Senior Airman Tamara Brown, 30th Medical Support Squadron Physical Evaluation Board Liaison Officer, poses for a photo, Dec. 15, 2015, Vandenberg Air Force Base, Calif. With military members continuing to focus on operations around the globe, maintaining a stringent level of physical and mental readiness is an Air Force requirement. For those individuals who find themselves no longer fit for duty however, one Airman is charged with providing a seamless transition into the civilian world – the Physical Evaluation Board Liaison Officer. (U.S. Air Force photo by Senior Airman Shane Phipps/Released)

Senior Airman Tamara Brown, 30th Medical Support Squadron Physical Evaluation Board Liaison Officer, poses for a photo, Dec. 15, 2015, Vandenberg Air Force Base, Calif. With military members continuing to focus on operations around the globe, maintaining a stringent level of physical and mental readiness is an Air Force requirement. For those individuals who find themselves no longer fit for duty however, one Airman is charged with providing a seamless transition into the civilian world – the Physical Evaluation Board Liaison Officer. (U.S. Air Force photo by Senior Airman Shane Phipps/Released)

VANDENBERG AIR FORCE BASE, Calif. -- With military members continuing to focus on operations around the globe, maintaining a stringent level of physical and mental readiness is an Air Force requirement.

For those individuals who find themselves no longer fit for duty however, one Airman is charged with providing a seamless transition into the civilian world - the Physical Evaluation Board Liaison Officer.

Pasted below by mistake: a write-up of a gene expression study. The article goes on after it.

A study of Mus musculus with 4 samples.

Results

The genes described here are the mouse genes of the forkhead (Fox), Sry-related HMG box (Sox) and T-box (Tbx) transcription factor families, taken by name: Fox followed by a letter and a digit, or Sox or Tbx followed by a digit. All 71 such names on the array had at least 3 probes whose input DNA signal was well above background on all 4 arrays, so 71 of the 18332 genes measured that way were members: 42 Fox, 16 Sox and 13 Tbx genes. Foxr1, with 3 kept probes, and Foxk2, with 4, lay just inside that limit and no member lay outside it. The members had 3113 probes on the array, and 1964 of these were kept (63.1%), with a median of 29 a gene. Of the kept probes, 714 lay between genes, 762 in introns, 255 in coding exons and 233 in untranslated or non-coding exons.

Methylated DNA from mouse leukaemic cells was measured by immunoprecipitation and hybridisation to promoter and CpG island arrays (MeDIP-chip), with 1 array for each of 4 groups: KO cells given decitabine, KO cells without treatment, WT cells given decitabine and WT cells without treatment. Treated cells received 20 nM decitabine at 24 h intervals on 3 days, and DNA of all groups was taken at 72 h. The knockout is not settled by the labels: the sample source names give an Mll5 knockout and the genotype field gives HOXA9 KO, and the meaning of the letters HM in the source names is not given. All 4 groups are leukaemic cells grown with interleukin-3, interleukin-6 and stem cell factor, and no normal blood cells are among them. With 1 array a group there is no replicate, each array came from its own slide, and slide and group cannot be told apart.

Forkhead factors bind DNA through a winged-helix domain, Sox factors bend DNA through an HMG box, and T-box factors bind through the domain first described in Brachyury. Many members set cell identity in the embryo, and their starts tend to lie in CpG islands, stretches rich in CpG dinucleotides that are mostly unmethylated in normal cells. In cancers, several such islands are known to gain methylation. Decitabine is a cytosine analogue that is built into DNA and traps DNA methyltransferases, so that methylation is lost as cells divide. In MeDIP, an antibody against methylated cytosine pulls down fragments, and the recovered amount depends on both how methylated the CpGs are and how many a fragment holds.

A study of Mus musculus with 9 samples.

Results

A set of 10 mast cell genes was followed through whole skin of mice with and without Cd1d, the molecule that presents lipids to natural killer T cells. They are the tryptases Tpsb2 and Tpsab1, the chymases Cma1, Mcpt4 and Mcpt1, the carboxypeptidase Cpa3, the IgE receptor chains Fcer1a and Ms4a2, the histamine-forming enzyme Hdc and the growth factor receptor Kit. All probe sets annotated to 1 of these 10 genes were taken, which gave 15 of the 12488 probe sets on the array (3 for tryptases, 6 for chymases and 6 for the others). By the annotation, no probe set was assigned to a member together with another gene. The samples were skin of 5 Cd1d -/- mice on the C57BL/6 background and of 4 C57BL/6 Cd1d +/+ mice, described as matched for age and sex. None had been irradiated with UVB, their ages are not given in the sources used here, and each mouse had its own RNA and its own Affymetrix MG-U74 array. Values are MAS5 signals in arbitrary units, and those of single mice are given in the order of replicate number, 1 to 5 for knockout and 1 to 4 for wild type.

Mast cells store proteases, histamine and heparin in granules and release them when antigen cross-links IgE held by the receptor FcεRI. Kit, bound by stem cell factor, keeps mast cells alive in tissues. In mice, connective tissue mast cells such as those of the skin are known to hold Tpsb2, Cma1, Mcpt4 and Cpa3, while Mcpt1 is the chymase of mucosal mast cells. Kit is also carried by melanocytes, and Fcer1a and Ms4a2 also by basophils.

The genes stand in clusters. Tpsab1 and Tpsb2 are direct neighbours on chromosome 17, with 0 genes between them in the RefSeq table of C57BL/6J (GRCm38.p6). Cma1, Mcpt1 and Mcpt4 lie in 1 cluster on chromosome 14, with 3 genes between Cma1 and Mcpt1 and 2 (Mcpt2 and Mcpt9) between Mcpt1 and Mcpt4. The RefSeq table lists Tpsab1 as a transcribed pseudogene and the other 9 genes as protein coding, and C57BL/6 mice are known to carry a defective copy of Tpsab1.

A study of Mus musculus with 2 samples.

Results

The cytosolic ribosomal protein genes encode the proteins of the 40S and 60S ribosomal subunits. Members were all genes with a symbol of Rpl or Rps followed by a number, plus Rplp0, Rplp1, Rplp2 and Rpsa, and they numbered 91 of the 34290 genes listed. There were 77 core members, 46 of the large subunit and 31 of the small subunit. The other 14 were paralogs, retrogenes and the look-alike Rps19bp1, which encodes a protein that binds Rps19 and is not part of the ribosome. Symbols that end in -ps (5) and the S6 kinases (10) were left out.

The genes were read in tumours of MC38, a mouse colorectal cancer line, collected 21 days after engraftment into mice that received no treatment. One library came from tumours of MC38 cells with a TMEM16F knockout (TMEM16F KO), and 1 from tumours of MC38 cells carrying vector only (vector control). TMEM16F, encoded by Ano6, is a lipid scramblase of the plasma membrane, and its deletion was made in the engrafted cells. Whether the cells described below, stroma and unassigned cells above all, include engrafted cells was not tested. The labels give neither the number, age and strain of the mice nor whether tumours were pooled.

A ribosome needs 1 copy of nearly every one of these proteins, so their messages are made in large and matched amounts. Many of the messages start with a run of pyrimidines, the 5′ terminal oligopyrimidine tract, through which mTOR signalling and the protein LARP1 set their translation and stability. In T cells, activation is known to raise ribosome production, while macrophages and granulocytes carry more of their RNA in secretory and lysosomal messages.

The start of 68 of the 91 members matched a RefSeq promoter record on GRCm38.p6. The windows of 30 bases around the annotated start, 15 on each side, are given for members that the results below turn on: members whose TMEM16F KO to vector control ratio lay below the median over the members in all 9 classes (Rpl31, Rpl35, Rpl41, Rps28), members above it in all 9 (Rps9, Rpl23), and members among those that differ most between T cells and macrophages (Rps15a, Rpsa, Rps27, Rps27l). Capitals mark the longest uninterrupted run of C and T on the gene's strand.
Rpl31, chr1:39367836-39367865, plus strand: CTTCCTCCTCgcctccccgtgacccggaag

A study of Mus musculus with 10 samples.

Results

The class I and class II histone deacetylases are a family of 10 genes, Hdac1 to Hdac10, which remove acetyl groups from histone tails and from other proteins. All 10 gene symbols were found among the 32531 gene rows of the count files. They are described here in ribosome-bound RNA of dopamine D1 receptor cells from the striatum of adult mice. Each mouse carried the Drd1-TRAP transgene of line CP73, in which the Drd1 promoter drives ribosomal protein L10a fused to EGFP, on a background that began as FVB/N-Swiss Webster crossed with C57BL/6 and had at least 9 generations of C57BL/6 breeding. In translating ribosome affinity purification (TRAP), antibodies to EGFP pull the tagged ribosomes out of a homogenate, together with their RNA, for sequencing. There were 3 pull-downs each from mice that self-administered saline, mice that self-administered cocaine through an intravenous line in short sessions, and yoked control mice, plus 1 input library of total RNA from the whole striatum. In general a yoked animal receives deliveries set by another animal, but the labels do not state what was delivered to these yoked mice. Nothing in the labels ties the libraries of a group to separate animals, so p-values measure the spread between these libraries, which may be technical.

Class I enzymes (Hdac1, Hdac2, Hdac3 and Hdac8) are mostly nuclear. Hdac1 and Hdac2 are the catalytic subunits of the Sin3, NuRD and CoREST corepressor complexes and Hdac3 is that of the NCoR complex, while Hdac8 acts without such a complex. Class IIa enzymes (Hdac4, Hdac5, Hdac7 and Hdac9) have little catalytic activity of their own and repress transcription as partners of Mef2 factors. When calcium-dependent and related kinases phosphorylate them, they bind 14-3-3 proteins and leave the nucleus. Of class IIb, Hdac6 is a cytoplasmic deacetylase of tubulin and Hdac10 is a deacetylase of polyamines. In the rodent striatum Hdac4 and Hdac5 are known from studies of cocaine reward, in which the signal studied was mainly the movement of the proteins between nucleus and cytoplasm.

"I really try to help make it easier for members as they are faced with the potential of transitioning out of the Air Force," said Senior Airman Tamara Brown, 30th Medical Support Squadron PEBLO. "This includes taking the time to ensure they are educated on all of their options, and understand every aspect of the process."

The PEBLO is responsible for educating the service member if their condition is inconsistent with retention standards, or deploy-ability. This position carefully orchestrates the flow of essential information between the separating Airman and outside organizations.

"The position requires collaboration with the member, their leadership, Primary Care Managers, network providers, Veteran's Affairs, and the Air Force Personnel Center," said Master Sgt. Infinity Smith, TRICARE Operations and Patient Administration, flight chief. "This position is reserved for only the highest caliber of Airmen, demanding an advanced level of responsibility, and organizational and communication skills."

Due to the potential for medical separations to be a difficult adjustment, Brown takes her job extremely serious.

"I really take my job to heart because I care a lot about my brothers and sisters-in-arms. As an Airman myself, it's really important for me to gather all medical documentation so that the team is able to determine the member's fitness for duty. If they have a condition that is treatable, it's imperative that they receive the medical care needed in order to continue their career," said Brown. "I want to make sure that they have everything they need to help ease an already stressful situation."

Though having been in the Air Force less than three years, Brown has forged a sterling reputation among her leaders.

"Senior Airman Brown is an outstanding Airman," said 1st Lt. Anna Lain, TRICARE Operations and Patient Administration flight commander. "She is a hard-charger and gets the job done. She's highly organized, reliable and is constantly setting and achieving her goals. She began as the Release of Information program clerk, and curtailed the wait-time from seven days down to one. She rapidly demonstrated that no task was too difficult to accomplish and was selected to fill a Noncommissioned Officer position as the PEBLO.  She has definitely affirmed our confidence in her job performance."

Despite significant praise from her leadership, Brown remains humble and sees her work as more than just an occupation - but an opportunity to truly care for others.

"With this job, you really can't look at people like they're just a number, you have to treat them with the respect and care they deserve.  That is the most important thing to me."